A Prayer For Tempranillo – Part 2

This is my second blog on the subject of syrah’s current demise, the following text having been written in an email to a leading wine writer.

In the June 1, 2010 issue of the New York Times, Eric Asimov, the newspaper’s chief wine critic, wrote a deeply troubling article regarding syrah. It begins like this: “There’s a joke going around West Coast wine circles: What’s the difference between a case of syrah and a case of pneumonia? You can get rid of the pneumonia.”

He goes on to quote Randall Grahm of Bonny Doon Vineyards. “It appears to have crashed and burned in this country.” Then, he quotes Ehren Jordan, proprietor of Failla Vineyards. “There has been a collective running into a brick wall by people who make syrah.” This is personally pretty troubling for it was with Randall’s inspiration that I began to embark on my syrah journey back in 1990. We had a great lunch together in Santa Cruz and talked extensively about the grape and its potential in Washington State.

Asimov goes on to say, “It’s fair to say that much of the syrah produced in California is dreadfully generic red wine of little character.” Back in the 1970’s and ’80’s, the early efforts of American syrah pioneers … intended to emulate Rhone wines. Later entrants to the game had different ideas. In 1990 … only 164 acres of the grape were planted in the state. Then came an explosion. By the end of that Rhone-mad decade, more than 10,000 acres were planted, and since then even that number has doubled …”

“As syrah production was beginning to take off, some American wine critics were starting to award their highest scores to big, broad, powerfully fruity wines that displayed richness and opulence. The desire for critical approval … caused many American syrah producers to emulate this intensely ripe, jammy style.”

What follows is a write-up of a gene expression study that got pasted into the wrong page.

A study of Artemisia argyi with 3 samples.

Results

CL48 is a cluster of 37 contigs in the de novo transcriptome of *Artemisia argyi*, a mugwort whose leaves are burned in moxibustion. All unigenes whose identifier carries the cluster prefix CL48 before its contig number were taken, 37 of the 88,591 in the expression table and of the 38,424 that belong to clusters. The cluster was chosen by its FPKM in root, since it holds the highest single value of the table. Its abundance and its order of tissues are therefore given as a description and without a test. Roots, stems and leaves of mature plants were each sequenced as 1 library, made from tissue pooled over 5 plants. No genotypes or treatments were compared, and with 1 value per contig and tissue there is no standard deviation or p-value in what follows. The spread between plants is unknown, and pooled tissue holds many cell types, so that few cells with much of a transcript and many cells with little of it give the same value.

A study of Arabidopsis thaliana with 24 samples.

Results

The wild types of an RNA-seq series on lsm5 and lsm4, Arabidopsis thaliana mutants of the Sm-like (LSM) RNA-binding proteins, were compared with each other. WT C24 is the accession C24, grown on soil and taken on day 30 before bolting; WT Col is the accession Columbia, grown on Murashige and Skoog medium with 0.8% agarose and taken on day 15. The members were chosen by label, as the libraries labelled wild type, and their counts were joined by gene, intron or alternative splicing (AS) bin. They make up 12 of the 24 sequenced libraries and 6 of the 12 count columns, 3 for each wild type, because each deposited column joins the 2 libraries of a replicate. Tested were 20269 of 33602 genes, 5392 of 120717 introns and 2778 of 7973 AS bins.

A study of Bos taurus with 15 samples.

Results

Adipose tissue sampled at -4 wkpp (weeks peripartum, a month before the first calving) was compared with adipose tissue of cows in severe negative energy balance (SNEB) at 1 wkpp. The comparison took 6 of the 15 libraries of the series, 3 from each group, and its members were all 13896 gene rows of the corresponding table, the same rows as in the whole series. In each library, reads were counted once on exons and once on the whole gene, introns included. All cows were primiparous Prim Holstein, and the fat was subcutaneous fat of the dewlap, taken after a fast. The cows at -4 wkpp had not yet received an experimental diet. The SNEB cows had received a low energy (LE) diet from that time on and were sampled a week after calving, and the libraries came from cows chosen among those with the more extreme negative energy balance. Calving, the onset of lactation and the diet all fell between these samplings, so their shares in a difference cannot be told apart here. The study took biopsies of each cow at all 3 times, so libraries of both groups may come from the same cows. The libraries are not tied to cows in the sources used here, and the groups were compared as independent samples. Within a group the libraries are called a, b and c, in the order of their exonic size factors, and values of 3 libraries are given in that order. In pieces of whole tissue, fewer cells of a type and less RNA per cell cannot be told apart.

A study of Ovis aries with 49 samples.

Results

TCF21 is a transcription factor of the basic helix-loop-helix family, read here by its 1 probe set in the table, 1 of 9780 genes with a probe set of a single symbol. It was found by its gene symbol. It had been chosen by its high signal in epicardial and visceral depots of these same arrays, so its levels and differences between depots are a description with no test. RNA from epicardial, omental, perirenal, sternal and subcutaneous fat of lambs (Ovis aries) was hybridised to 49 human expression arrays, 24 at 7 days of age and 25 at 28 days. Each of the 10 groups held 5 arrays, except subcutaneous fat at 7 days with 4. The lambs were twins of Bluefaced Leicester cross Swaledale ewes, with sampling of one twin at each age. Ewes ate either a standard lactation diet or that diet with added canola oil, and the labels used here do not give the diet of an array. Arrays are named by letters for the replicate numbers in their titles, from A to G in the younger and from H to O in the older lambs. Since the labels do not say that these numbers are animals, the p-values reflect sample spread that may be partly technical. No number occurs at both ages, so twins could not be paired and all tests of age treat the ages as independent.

“Contributing to the confusion is the fact that a good deal of California syrah is simply planted in inappropriate places. ‘If you want it to actually have character, it needs to be grown in a very cool climate,’ said Mr. Grahm … and most top syrah producers would agree. Syrahs from warm areas lack the syrah signature of pepper, olive, meatiness, iron and mineral … from warm areas they just have this monochromatic blueberry and oak quality.”

Asimov does go on to present a guarded optimisim for syrah’s future, pointing to several winemakers who have focused on creating wines having the classic components of the Northern Rhone wines. He suggests several bottles to seek out such as, Copain Wine Cellars vineyard designated wines, Edmunds St. John, Qupe, Ojai Vineyard, Failla, Bonny Doon, Peay Vineyards, and Wind Gap.

I doubt that he would find most Washington syrah to display the characteristics he deems desirable for the grape to survive it’s downward spiral. However, I believe that taking Grahms position on climate is a fundamental requisite. Over my twenty years of having planted the grape and worked with it from a large number of locations throughout the State, I’ve instinctivly focused on cooler relms, particularly towards the central and western regions of the Yakima Valley at elevations of 1,000 feet or greater.

It’s also been clear that soil plays a primary role, and that the “typical” Washington alluvium loess-basalt conglomerate may not be very desirable. After all, the great vineyards of the Cote-Rotie and Hermitage are primarily limestone and granite with elemental schist, white and black mica, gneiss, and so on. Some of these qualities do exist in our State, but not in the same geological formations, nor in the same climate.

It looks as if I may have to postpone my “Prayer For Tempranillo” to the next installment, as this is getting pretty lengthy. But you may be beginning to “get my gist” as we used to say in Texas. Shouldn’t we “early pioneer” winemakers consider taking a more introspective view and consider the importance of what we’re attempting in order to elevate our State’s wines and of our love of the vine? Or should we simply invest roughly 15 to 20 thousand dollars per acre and see what happens?

“Hey, I’ve got a great idea! Let’s start a winery! ‘Ya know ‘hun, we’re a lot of fun to be around and we’ve sure drunk enough wine. That’s most of the battle won right there, eh what? After all, it’s easy to find grapes to buy.”

Really?


Salida Wine is a creation of winemaker Doug McCrea featuring a portfolio of wines made in Washington State from Spanish grape varietals.